Integration, cointegration and the evaluation of time series data for public policy analysis. As my first economics teacher said, “ya gotta be careful”.
…the data shows Gov. Walker has had little impact, positive or negative, on how the state grows jobs.
Dr. Thompson appeals to data (which is good and a vast improvement over a lot of commentary), and focuses on the ratio of Wisconsin to national nonfarm payroll (NFP) employment (the documentation is unclear, but my graph using NFP looks the same as his, so I’ll assume it’s the establishment series and not the household series he’s using). He then shows that a linear regression on the ratio over the Doyle years predicts well the evolution of the ratio in the Walker years. Here’s his graph:
My first published article (in 1991!) examined the implications of inadequately addressing issues related to unit roots in estimating relationships (Beware of Econometricians Bearing Estimates). Hence, I thought it relevant to examine the validity of Mr. Thompson’s approach in this context.
In fact log NFP in Wisconsin and in the US fail to reject conventional unit root tests. Moreover, the ratio of the two series (which is what Mr. Thompson uses) fails to reject the unit root null. In fact, so too does the log ratio.
Dr. Thompson is correct that Wisconsin NFP and US NFP are obviously related. The way to test for the relationship involving integrated series is to use cointegration methods. Applying Johansen’s maximum likelihood method, I reject the no-cointegration null. Hence, I estimate a simple single-equation error correction model with the growth rate of Wisconsin NFP as the dependent variable (I’ll assume the US series is weakly exogenous with respect to Wisconsin).
(1) Δnt = -0.0014 – 0.026×nt-1 + 0.018×nUSt-1 + 0.865×ΔnUSt – 0.282×Δnt-1 + 0.361×ΔnUSt-1 + ut
Adj-R2 = 0.53, SER = 0.0017, DW = 2.04, Obs.=216, sample 1994M01-2010M12. Bold face denotes significance at the 10% MSL, using HAC robust standard errors.
Using the DW statistic is not valid for assessing the presence of serial correlation when there’s a lagged dependent variable in the regression, but Q(12) and Q(24) tests fail to reject the no-serial correlation null.
The implied long run elasticity of Wisconsin to US NFP is 0.67; using the Johansen procedure (no trend in cointegrating vector, four first difference lags) yields a long run elasticity of 0.53, while DOLS(+2,-2) yields an estimate of 0.73. The maximum likelihood and DOLS estimates indicate one can reject the null that the elasticity is unitary.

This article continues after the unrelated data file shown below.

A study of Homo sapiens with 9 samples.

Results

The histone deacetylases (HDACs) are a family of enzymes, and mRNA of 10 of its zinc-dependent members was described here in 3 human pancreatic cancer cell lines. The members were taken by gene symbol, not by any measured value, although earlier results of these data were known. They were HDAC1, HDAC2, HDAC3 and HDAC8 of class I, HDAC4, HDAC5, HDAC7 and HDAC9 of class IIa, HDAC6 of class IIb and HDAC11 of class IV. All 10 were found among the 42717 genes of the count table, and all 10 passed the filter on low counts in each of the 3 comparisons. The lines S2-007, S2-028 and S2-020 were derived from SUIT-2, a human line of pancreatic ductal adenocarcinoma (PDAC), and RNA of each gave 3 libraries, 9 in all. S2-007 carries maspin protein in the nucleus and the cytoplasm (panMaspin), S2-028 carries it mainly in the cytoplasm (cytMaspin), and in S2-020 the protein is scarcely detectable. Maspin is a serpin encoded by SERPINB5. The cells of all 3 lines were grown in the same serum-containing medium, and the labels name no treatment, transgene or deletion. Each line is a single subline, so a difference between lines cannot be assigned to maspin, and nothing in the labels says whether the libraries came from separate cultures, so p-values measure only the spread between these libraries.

Using the estimated error correction model (ECM), I dynamically forecast out-of-sample the Wisconsin NFP. The results, along with the 90% confidence intervals are shown in Figure 1.
Figure 1: Wisconsin nonfarm payroll employment (blue), forecasted (red), and +/- 1.64 standard errors (gray lines). Source: BLS, and author’s calculations.
The graph indicates that based on historical relationships, predicted employment has been systematically higher than actual; as of 2014M09, the mean forecast is 37,000 higher. The gap between forecasted and actual is (borderline) statistically significant.
Hence, I think it Dr. Thompson’s finding that post-January 2011 Wisconsin employment is well predicted is subject to the spurious correlation critique. On the other hand, the fact that Wisconsin employment has lagged forecasted (using more appropriate econometric techniques) does not prove that the policies of the Governor are the source of the shortfall.
It is interesting that over a period that private employment has risen 5.1%, government employment has declined 0.8% (well, maybe not interesting — that was the intent of the Walker administration after all). Here is a scatterplot of the overall employment gap vs. government employment gap, where I used the a simple trend growth estimated over the 1994M01-2010M12 period (in log first differences) to forecast out the counterfactual government employment growth. Note that the decrease in government employment is associated with a decrease in employment (both relative to counterfactual).
Figure 2: Wisconsin employment gap vs. government employment gap (blue circles), and fitted regression (red), over 2011M01-14M09. Counterfactual government employment estimated using log first differences on constant over 1994M01-2010M12 period. Source: BLS and author’s calculations.
Even if one doesn’t believe that government spending cutbacks are the source of the lagging employment growth, what is true is that stagnant economic growth, arising from conjoined tax cuts and even larger spending cuts, was entirely predictable from conventional theory, as discussed in this February 2011 post.
Update, 10/24, 6pm Pacific: See this article by Mike Ivey at the Capital Times; particular attention should be paid Dr. Dresser’s analysis.